Women’s History Month Spotlight: Elise Bernhardt of Fleur Elise
March 31, 2021
This Women’s History Month, Downtown Brooklyn Partnership is proud to share stories of our many women founders and business owners. We interviewed local florist Elise Bernhardt on her home-grown flower business, Fleur Elise.
Elise credits much of her success to Ikebana (the art of Japanese floral arrangement) and her experience as a dance teacher. She is able to combine her love for teaching and for floral arrangement through her business. She forayed into the world of pop-ups right here in Downtown Brooklyn, at City Point. We asked her how she made the switch from non-profit executive to florist, what inspires her, and for some floral arrangement tips.
DBP: How did the idea for your business come about?
Elise Berndhardt (EB): I had almost thirty years of leading nonprofits and I was up for a job interview. The morning of the final interview, I woke up, and the word “reinvent” flashed before my eyes. I am not making this up. I thought to myself, “I’ve been thinking about this for a long time — it’s time to change.” Additionally, one of my previous jobs had me walking through the flower district in Manhattan every day, so I would take some floral design classes! I had also previously traveled to Japan and took an Ikebana class — ancient Japanese flower design art.
DBP: When you first started, how did you get the word out about your business?
EB: I really started doing it with my synagogue — Kane Street Synagogue— and did the flowers for bar/bat mitzvahs that folks were having. I also went to my non-profit colleagues in the dance world. I am a firm believer in word of mouth in everything! Then you start to get recommendations. Mostly, people who take my floral design classes tell people about my classes. I’ve also done a bunch of pop ups.
DBP: Have you done any pop ups in Downtown Brooklyn?
EB: Yes, in fact, my first pop up was in City Point. When City Point first opened in 2018, Regina Myer (DBP President) was the connection. I had a little stand right at the entrance. I sold flowers and got people on my mailing list - it was great. They had an empty storefront so I could prep — that was my first pop up and it was really great! Pop ups are a really wonderful way to get to know people.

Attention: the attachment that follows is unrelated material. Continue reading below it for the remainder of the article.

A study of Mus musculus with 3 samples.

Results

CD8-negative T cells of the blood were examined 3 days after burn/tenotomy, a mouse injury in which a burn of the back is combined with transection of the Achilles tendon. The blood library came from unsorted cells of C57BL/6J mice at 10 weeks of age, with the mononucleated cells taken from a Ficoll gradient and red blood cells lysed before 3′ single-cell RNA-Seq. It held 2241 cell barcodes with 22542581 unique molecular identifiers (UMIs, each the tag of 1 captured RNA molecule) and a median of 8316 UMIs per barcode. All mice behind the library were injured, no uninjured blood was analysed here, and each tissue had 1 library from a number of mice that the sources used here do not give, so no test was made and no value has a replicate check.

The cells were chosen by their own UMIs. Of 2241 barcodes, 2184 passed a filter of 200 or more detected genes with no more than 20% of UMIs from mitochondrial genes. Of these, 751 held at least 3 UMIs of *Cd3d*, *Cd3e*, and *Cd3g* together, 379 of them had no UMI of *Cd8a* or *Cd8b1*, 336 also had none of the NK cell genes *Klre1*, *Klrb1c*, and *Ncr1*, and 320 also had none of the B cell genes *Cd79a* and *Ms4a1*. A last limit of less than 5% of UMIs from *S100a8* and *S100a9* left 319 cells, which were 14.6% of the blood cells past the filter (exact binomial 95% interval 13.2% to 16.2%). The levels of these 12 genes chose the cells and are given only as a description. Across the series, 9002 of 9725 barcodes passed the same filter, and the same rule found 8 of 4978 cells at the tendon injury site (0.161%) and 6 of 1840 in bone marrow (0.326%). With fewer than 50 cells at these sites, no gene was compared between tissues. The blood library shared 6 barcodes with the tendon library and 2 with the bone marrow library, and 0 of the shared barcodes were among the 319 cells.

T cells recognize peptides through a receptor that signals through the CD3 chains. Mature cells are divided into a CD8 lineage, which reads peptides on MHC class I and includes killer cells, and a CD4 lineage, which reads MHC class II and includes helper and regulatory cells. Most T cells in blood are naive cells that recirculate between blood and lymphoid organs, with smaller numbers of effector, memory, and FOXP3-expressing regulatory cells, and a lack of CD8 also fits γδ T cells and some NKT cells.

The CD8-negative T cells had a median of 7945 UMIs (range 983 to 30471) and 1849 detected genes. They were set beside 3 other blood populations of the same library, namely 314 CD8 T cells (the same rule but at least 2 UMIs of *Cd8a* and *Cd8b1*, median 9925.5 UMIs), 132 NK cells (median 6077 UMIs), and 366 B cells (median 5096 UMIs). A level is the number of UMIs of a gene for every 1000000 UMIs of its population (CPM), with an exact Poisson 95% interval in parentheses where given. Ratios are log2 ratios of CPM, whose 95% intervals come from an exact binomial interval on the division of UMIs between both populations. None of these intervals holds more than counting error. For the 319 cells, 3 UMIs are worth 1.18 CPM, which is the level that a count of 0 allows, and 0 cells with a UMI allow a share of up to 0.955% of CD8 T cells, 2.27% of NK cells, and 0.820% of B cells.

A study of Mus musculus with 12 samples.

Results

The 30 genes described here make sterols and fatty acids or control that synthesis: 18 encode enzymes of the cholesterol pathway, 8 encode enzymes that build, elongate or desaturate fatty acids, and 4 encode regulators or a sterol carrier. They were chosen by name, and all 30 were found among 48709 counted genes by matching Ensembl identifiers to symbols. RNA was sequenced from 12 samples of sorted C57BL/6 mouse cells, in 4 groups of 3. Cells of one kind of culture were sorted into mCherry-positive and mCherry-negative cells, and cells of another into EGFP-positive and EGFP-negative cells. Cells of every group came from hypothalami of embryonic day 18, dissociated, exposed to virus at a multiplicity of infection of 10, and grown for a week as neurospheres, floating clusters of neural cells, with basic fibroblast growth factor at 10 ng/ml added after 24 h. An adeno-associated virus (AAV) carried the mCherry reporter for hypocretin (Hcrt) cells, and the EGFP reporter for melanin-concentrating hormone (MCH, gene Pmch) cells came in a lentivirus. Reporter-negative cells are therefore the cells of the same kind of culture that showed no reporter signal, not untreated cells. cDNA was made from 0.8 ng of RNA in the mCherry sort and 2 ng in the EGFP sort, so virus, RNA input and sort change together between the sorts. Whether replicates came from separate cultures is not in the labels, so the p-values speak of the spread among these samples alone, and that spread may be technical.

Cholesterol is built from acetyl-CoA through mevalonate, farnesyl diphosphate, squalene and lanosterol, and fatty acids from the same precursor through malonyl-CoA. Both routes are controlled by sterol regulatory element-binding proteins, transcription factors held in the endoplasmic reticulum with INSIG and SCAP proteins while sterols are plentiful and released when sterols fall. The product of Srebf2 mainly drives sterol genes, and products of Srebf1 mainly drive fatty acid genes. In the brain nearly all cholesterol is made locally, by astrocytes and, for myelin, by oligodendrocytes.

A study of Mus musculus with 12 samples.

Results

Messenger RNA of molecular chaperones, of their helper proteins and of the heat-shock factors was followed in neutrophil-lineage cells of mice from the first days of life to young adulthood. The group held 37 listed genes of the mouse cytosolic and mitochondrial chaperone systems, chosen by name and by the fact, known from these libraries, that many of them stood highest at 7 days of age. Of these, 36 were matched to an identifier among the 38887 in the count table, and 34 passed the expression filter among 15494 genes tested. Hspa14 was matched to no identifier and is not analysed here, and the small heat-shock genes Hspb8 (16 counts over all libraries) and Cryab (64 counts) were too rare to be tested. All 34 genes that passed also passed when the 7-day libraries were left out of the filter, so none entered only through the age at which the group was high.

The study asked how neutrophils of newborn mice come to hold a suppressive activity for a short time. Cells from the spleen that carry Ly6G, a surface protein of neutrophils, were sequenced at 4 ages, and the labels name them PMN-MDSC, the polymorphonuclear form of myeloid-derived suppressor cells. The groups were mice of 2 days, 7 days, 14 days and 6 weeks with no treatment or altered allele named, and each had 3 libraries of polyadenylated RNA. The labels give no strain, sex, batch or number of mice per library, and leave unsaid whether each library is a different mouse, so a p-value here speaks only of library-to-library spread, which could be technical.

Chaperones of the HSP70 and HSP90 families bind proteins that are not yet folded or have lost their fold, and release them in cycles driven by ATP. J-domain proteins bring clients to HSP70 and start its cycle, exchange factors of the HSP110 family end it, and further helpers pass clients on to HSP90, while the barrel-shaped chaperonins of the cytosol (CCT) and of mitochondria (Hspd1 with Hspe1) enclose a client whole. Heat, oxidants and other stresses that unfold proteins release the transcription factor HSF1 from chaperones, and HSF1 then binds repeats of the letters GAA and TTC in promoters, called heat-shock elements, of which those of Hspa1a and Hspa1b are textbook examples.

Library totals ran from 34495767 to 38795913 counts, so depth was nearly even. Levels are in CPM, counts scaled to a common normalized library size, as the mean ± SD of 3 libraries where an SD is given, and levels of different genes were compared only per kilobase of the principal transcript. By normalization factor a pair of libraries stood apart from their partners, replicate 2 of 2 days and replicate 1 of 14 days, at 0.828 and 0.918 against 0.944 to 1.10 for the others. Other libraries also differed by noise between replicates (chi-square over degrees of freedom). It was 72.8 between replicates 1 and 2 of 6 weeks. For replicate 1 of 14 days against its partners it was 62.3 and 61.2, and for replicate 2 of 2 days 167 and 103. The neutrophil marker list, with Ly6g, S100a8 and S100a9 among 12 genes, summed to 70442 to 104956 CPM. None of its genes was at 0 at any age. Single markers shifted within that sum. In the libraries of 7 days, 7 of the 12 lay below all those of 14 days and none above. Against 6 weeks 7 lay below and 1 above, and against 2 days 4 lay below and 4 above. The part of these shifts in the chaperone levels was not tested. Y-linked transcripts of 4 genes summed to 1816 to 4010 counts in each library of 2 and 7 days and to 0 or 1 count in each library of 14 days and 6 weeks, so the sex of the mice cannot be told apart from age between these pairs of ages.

DBP: What is something that has surprised you about running this business?
EB: One of my really fun classes is a father-daughter class. It’s hard to get men to take this class sometimes, and then they get in and they’re really good at it. Their children are like, “wow, dad! We had no idea.” So that’s always fun. I also do a class at a senior living place, and that is really interesting, too. Working on the edges f the spectrum of human life, from seniors to kids — it’s been interesting to see how different people learn and free themselves up.
DBP: How did you end up teaching classes?
EB: I taught dance a long time ago. I love teaching and had not had a chance to teach in a while. I love teaching floral design because it brings together my love for teaching, love for floral arrangement, and my love for bringing people together. I always say “flowers are forgiving, there are no ugly flowers - you can make anything beautiful. For most people, that’s very liberating.
DBP: Where do you get your flowers and supplies?
EB: I used to go to the Manhattan flower district, but for a while they shut down. I’m not embarrassed to admit that Trader Joe’s has an extraordinary collection of flowers. You can make a stunning bouquet with Trader Joe’s flowers for fifteen dollars. Really, anybody can do it. Just about every bodega or every little store has an array of flowers! I also love going to flea markets and antique shops to get old vases. But when I teach classes, I go to the flower district because I want my students to have the experience of working with hard-to-get flowers.
DBP: Do you have any tips for budding entrepreneurs, especially women, who want to start their own organization?
EB: Big takeaway: take the leap. Patience, passion, and perseverance. Three Ps. Be willing to ask for help: there’s a big part of knowing what you’re not good at. Knowing where you need to get help. Also, make sure you have some balance in your life. Lastly, networking is key! I’ve been doing a lot of networking, which makes it easier. I would check out Flyfemalefounders, NAWBO, and Adrian’s Network. You can find some great friends and colleagues to help you.
DBP: Any tips for flower arrangement?
EB: My only rule: no two stems should be the same length! Change the water every other day and trim the bottom of the stem at a forty-five degree angle for the most surface area, and your flowers will last.
Elise offers online floral arrangement classes in addition to working events. Her website can be found here.
On May 2nd Fleur Elise will be popping up outside of the Brooklyn Museum, and will also resume outdoor classes in the backyard of design store Wanderlustre.